How does rising atmospheric CO2 affect marine organisms?

Northern peatlands figure prominently in nearly all scenarios of CO2-induced global change for two major reasons: (1) they cover a vast area of land, estimated to be close to 350 million hectares, and (2) they contain an enormous amount of carbon, estimated to be on the order of 450 Pg (Gorham, 1991). Consequently, peatlands possess the potential to return great quantities of carbon to the atmosphere, as is typically emphasized by those who say global warming could easily trigger such a release. Having removed so much carbon from the air in the past, however, earth's peatlands could well do more of the same in the future. So which way are the scales more likely to tip if the planet were to warm and experience more precipitation, as predicted by most climate models?

This question drives much current research and analysis. In one of the most realistic and comprehensive of such endeavors, Griffis and Rouse (2001) draw upon the findings of a number of experiments conducted over the past quarter-century at a subarctic sedge fen near Churchill, Manitoba, Canada to develop an empirically-based model of net ecosystem CO2 exchange there. Grounded in real-world observations, as opposed to purely theoretical considerations, this model teaches us much about what we could expect from northern peatlands in the way of carbon sequestration or release if the air's CO2 content were ever to double (which may well be a real possibility) and produce serious global warming (which is not so likely, in our opinion, but nevertheless worthy of consideration).

The most fundamental of Griffis and Rouse's findings is that "carbon acquisition is greatest during wet and warm conditions," both of which climate characteristics are what is generally predicted for the world as a whole by today's most advanced climate models (as well as most of the not-so-advanced ones). However, since regional climate change predictions are not yet very dependable, the scientists investigated the consequences of a 4C increase in temperature accompanied by both a 30% increase and decrease in precipitation. And "in all cases," as they put it, "the equilibrium response showed substantial increases in carbon acquisition."

Dryness, however, is definitely not a plus and may well be responsible for the observation that the contemporary annual CO2 balance of the Churchill fen is probably slightly negative. Over the past 2200 years, however, the net long-term balance has been decidedly positive, likely due, in Griffis and Rouses' opinion, to "a progression toward drier conditions than in the past." What they are talking about here is that palaeoclimate reconstructions from the Eastern Arctic indicate that "climate in the region was warmer and more humid during the late Holocene with cooling and increased occurrence of fire during the last millennium." Hence, we once again have a demonstration of the biological superiority of Medieval Warm Period conditions as compared to Little Ice Age conditions, from which we are currently transitioning as we approach desired Modern Warm Period conditions.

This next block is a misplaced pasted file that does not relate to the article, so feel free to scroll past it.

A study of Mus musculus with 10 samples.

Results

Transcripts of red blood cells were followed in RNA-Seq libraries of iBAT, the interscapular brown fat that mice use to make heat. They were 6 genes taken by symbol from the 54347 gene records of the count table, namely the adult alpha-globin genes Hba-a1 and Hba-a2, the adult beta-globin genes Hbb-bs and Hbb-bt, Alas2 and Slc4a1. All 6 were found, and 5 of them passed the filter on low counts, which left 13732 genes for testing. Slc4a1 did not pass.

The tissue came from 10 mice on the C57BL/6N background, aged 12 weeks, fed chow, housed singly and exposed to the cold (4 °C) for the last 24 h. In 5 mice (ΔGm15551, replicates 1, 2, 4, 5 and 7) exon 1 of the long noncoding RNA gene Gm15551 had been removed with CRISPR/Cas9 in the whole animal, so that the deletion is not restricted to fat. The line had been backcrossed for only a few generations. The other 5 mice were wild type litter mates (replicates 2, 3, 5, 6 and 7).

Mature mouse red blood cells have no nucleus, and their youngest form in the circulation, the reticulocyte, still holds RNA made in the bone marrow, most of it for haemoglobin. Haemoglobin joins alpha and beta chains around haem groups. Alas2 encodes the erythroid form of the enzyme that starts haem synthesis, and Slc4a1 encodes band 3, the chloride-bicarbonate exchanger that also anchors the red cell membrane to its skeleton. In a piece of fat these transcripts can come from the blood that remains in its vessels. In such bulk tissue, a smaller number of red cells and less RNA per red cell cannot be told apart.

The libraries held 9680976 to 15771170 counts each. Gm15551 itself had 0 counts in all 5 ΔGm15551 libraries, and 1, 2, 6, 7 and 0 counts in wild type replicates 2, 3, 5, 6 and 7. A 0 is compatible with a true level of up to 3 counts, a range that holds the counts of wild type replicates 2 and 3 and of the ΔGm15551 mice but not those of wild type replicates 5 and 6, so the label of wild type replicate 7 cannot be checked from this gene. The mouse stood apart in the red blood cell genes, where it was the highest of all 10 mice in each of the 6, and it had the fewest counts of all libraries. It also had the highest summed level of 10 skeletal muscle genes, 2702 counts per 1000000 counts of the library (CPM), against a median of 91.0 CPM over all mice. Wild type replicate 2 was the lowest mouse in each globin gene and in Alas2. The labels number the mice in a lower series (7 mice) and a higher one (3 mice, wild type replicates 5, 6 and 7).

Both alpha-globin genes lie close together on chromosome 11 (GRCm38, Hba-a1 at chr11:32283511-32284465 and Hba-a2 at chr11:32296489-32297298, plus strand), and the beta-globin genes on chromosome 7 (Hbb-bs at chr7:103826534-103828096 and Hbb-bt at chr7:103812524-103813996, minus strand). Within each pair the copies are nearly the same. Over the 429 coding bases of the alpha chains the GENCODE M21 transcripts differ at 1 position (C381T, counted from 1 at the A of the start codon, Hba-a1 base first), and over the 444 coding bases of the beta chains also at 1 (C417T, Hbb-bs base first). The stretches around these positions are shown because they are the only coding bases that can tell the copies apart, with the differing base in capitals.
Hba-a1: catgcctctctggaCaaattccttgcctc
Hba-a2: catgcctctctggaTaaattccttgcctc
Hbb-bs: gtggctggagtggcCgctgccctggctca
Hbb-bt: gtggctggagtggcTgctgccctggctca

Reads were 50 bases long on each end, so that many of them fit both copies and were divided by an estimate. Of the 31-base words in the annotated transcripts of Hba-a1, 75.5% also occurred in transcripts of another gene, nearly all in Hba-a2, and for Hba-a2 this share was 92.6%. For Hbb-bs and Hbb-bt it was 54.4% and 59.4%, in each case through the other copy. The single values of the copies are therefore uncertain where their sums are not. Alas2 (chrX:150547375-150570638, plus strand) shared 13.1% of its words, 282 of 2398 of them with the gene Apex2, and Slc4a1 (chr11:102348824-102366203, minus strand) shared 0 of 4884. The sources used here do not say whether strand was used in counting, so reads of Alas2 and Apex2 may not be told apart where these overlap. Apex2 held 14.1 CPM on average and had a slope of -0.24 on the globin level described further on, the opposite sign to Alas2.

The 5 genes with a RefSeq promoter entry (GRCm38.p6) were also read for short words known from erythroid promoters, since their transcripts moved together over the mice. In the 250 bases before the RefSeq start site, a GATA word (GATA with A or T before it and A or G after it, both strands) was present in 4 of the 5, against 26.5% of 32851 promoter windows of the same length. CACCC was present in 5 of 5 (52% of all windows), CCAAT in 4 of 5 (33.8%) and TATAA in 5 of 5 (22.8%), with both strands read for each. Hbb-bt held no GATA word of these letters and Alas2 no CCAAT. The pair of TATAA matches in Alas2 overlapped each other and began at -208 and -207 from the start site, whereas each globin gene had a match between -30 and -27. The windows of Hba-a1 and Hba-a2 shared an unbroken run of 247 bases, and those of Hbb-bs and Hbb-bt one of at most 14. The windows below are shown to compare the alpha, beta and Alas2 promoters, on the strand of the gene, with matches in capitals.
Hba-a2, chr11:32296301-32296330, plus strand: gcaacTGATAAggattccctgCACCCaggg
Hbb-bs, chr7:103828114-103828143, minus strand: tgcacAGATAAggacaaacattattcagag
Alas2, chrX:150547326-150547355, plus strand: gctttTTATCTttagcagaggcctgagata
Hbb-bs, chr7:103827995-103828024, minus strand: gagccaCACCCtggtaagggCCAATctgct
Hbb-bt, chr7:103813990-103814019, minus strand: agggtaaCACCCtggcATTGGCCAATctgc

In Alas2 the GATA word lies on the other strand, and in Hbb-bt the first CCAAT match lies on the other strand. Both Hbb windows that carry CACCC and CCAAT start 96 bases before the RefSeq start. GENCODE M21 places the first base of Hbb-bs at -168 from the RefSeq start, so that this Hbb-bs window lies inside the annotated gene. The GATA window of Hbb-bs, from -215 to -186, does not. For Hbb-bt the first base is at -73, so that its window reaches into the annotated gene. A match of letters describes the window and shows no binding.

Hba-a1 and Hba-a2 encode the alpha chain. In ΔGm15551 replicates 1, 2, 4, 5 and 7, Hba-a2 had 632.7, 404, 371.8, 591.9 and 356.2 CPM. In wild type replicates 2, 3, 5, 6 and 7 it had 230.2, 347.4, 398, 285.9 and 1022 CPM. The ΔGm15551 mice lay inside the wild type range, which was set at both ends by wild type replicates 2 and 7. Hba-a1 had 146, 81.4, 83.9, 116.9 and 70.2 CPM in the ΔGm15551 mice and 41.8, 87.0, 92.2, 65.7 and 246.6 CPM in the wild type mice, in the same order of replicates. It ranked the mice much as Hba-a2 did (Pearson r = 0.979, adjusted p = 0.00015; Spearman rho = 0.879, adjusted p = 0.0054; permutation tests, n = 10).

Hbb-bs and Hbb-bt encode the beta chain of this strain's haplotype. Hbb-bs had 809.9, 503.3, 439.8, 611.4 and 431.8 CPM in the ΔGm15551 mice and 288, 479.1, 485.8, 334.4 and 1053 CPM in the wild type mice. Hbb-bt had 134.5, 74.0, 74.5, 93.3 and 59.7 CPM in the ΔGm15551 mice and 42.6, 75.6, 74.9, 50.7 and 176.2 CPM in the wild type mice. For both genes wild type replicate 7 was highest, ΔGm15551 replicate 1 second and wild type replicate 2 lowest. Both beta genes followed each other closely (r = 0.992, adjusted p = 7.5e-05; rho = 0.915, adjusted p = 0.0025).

But isn't warming supposed to increase ecosystem respiration and return more carbon to the atmosphere? Sometimes it does; but in the case of the subarctic sedge fen and other peatland ecosystems studied by Griffis and Rouse and many others, the data suggest, in the words of the former, "that arctic ecosystems photosynthesize below their temperature optimum over the majority of the growing season," so that increasing temperatures enhance plant growth rates considerably more than they increase plant decay rates.

In summing up their findings, Griffis and Rouse reiterate the fact that "warm surface temperatures combined with wet soil conditions in the early growing season increase above ground biomass and carbon acquisition throughout the summer season." Indeed, they note that "wet spring conditions can lead to greater CO2 acquisition through much of the growing period even when drier conditions persist [our italics]." They thus conclude that if climate change plays out as described by current climate models, i.e., if the world becomes warmer and wetter - as is also suggested by historical climate analogue - "northern wetlands should therefore become larger sinks for atmospheric CO2."

We definitely agree, for as we indicated in an earlier essay in this series of commentaries - Another Global Warming Horror Story Bites the Dust, featuring the work of Camill et al. (2001) - a number of studies have observed significant increases in peatland carbon sequestration in response to regional warming. Hence, rather than adding to the air's burden of CO2, further warming would actually tend to reduce it, even in peatlands that already contain a tremendous reservoir of sequestered carbon.

Dr. Sherwood B. Idso Dr. Keith E. Idso

Camill, P., Lynch, J.A., Clark, J.S., Adams, J.B. and Jordan, B. 2001. Changes in biomass, aboveground net primary production, and peat accumulation following permafrost thaw in the boreal peatlands of Manitoba, Canada. Ecosystems 4: 461-478.

Gorham, E. 1991. Northern peatlands role in the carbon cycle and probable responses to climatic warming. Ecological Applications 1: 182-195.

Griffis, T.J. and Rouse, W.R. 2001. Modelling the interannual variability of net ecosystem CO2 exchange at a subarctic sedge fen. Global Change Biology 7: 511-530.